3 beliefs that will sink your ship (Guest Commentary)

Damaging beliefs that go unchecked can cause major issues
By Sharone Bar-David
|Canadian HR Reporter|Last Updated: 02/11/2013

What is the common denominator among the following: “Boys will be boys,” “Frank’s rough behaviour is part of his stellar sales record” and “What happens in Vegas stays in Vegas”?

All three are beliefs that sanction questionable behaviours. Boys will be boys is a time-honoured mantra that enables schoolyard bullying. The notion that a person’s abrasive conduct is crucial to his success permits employers to turn a blind eye to the distress he causes. And the Vegas notion has protected many a wild behaviour from scrutiny — and sanction.

There are several underlying beliefs that cause chronic damage to the work environment. So if you want your workplace culture to deteriorate in a hurry, make sure people hold the following three beliefs near and dear to their hearts — negative results are guaranteed.

‘We’re like a family here’

I hear the “We’re like a family here” most frequently at organizations that suffer widespread incivility. At the heart of this belief lies the notion that the closeness and caring that characterize family life allow employees to freely cross colleagues’ personal boundaries without being hurtful or inappropriate. But families are deeply flawed entities. They are not idyllic structures imbued with nothing but love and support. In real life, families often cause their members intense pain. And in work environments fraught with incivility, people use the family analogy as window dressing that permits them to treat each other rudely, sarcastically or in otherwise destructive ways. The “family” notion stops accountability at the door.

In the workplace, let’s keep the worthy parts of family (connection, support, informality) and decisively weed out the counterproductive parts. From a leadership perspective, practise extra care when you encourage people to think of the workplace as a family. Fostering close bonds amongst employees is laudable and useful. However, touting the family notion will lead to risky terrain in a hurry. It can inadvertently erode people’s sense of safety.

‘I know my colleagues’

People claim that knowing their colleagues’ sensitivities enables them to decipher which lines not to cross. The truth is this belief is used to allow them to say and do things that are offensive, uncivil and sometimes outright prejudiced.

An enduring example of the damaging results of this belief took place during a harassment session I facilitated several years ago at an organization I fondly came to think of as the Wild West. Incivility was rampant, along with many behaviours that would qualify as low-level harassment.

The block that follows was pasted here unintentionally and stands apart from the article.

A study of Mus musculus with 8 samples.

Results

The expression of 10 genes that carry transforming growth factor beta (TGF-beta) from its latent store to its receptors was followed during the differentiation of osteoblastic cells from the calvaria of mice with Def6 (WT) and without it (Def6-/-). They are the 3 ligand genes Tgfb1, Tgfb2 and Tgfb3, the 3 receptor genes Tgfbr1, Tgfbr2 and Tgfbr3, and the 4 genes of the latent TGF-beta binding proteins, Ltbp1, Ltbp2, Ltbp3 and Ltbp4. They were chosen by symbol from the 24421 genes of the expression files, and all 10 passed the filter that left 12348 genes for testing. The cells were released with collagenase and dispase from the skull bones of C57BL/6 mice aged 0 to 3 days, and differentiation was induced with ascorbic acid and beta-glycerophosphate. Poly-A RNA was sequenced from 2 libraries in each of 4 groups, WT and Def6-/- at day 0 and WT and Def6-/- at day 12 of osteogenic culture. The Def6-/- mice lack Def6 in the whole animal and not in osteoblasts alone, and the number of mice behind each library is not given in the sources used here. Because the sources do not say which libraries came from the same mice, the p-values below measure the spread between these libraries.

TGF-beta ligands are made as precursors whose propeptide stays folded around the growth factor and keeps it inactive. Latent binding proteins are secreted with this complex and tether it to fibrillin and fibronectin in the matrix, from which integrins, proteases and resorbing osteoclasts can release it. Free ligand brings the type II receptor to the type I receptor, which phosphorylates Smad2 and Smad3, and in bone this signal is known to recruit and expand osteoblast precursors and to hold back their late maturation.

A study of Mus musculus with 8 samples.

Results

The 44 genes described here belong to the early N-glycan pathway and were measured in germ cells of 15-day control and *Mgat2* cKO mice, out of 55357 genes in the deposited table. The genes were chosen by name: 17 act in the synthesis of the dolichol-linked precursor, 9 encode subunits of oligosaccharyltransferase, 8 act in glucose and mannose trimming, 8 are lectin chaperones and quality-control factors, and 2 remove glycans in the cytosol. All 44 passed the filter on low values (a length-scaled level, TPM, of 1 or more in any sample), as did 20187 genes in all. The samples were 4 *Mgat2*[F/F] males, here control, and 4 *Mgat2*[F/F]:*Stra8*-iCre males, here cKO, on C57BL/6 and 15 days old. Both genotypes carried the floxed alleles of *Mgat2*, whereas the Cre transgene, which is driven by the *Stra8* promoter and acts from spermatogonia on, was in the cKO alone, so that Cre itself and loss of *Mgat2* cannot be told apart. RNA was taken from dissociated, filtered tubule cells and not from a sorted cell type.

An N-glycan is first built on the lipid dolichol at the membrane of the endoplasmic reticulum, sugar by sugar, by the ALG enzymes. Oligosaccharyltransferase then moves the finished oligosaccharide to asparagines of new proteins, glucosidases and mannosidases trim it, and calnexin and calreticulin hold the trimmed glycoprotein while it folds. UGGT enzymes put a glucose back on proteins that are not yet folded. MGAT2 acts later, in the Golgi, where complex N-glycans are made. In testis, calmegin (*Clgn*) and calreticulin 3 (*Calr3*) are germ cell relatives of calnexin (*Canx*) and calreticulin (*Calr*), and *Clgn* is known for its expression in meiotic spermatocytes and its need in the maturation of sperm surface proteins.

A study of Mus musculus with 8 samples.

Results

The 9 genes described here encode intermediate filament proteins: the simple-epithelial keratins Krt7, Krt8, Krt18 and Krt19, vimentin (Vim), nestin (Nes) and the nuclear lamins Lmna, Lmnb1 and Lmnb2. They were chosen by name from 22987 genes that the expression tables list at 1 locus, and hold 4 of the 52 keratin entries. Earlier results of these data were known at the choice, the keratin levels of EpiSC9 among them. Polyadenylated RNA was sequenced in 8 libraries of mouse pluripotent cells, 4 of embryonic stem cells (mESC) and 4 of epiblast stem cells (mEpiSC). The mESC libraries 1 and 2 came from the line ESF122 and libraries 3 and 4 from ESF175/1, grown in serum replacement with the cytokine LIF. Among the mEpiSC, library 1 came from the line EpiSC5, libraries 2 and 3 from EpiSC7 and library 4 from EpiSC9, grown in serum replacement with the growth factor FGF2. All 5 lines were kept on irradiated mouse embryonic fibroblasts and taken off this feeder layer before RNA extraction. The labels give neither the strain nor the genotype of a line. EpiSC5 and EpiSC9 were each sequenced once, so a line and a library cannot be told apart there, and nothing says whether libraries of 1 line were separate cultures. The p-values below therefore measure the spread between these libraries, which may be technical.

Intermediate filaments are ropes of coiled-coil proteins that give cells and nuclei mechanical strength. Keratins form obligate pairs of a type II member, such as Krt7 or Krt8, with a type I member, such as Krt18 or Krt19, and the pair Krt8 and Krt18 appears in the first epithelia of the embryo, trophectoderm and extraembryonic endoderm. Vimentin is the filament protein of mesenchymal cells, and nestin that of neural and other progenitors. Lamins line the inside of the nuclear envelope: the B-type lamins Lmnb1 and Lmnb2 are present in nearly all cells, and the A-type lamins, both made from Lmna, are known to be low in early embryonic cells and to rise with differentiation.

One of the participants in this session, a tiny, spirited female employee, referred in passing to the large-framed male sitting beside her as “fatso.” When I inquired about this, she explained he was her close pal and she had obtained his permission to call him fatso five years earlier, when he first joined the team.

I probed further, asking her whether that name may have made him uncomfortable. She replied that she knew her friend very well and, therefore, she knew exactly which lines not to cross. I decided to seize the moment and turn it into a learning opportunity — I asked the man whether he was comfortable being called fatso. A long pause ensued and then he said: “No, I’m not comfortable at all. In fact, I don’t like it one bit and never did.”

Thinking that you know your colleagues’ sensitivities is an illusion. In fact, you know very little about your fellow co-workers — even those you’ve worked with for many years.

So, when in doubt, cut it out.

‘We have the right to vent’

You may have noticed that people hold onto their right to vent as if it were one of the Ten Commandments. They use it to justify uncensored bad-mouthing of colleagues and managers behind their unsuspecting backs.

Employees and managers alike tell me that venting is a legitimate way to release steam. After all, there’s lots of stress in the workplace and when a colleague does something that’s frustrating or upsetting, the best way to handle it is by going to another colleague to express your authentic frustration. Doing so has a cleansing effect that enables them to return to their work relieved and relaxed.

Here’s my frank response: We are not machines that require the release of steam in order to operate properly. We are living organisms and our actions can cause much distress to fellow living organisms. In the workplace, if you’re frustrated with a colleague, it is incumbent upon you as an adult and professional to handle it in ways that do not involve spreading incivility and hurtful gossip. Need to vent? Do so at home with your husband, dog or friend. Or call your company EAP for professional help.

Prevent collateral damage

Damaging beliefs have a way of creeping up on you. Once they do, they blind your vision and lead you to behaviours that are hurtful and damaging. At your organization or in your team, it is crucial to leverage the human species’ unique capacity to critically examine beliefs. Once you do, you can enhance the quality of your workplace by encouraging people to replace these beliefs with more helpful ones.

Sharone Bar-David is president of Toronto-based Bar-David Consulting, a company offering solutions for creating respectful work environments. She can be reached at sharone@sharonebardavid.com or visit www.sharonebardavid.com for more information.